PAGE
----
Like a lot of other people we are facing foreclosure. How difficult will it be to rent an apartment or house with a foreclosure on our credit report?
A foreclosure is an awful event, something to be avoided. For credit-score purposes, foreclosures, short sales and deeds-in-lieu of foreclosure are each likely to be listed as “not paid as agreed” on credit reports. Lenders, landlords and other creditors can then determine how they want to consider such events when someone applies for a loan or rental unit.
The view among landlords varies. Some see foreclosure as a catastrophic financial event and want to avoid individuals with such histories. But other landlords may want to know more about you and the circumstances that lead to foreclosure. A foreclosure caused by health issues, the temporary loss of a job, the death of a spouse, etc. may be understandable and acceptable to some landlords. Also, it may be that an individual with a toxic loan was foreclosed because the payments suddenly rose to the point where they could not be met, but the individual otherwise has a solid credit history and enough income to support rental payments.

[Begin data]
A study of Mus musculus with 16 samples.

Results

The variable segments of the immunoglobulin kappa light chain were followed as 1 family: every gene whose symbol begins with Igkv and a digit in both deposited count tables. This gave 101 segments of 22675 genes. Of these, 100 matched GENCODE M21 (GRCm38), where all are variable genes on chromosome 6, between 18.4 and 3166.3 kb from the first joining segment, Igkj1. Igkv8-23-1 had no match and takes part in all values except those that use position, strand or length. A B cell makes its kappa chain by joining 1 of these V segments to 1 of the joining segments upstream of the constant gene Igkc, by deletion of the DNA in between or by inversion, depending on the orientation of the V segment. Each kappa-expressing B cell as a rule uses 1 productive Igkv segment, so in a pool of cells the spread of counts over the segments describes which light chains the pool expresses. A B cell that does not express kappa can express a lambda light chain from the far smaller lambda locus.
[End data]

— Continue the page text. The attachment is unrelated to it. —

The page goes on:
This raises several points:
First, different landlords have different policies. Speak with as many as you can.
Second, if someone advises you to purposely miss mortgage payments to “qualify” for a mortgage modification, ignore them. You don’t know if you’ll actually get the modification, but there’s no doubt your credit will be damaged. Moreover, you may be able to qualify for a mortgage modification under the “home affordable refinancing” section of the government’s Making Home Affordable program. Take the refinancing quiz at makinghomeaffordable.gov to see if you qualify.
Third, consider an interim option, such as moving in with family or friends or renting an apartment in someone’s home.
None of this will be easy or pleasant, but as time passes it will at least be possible to re-establish your credit.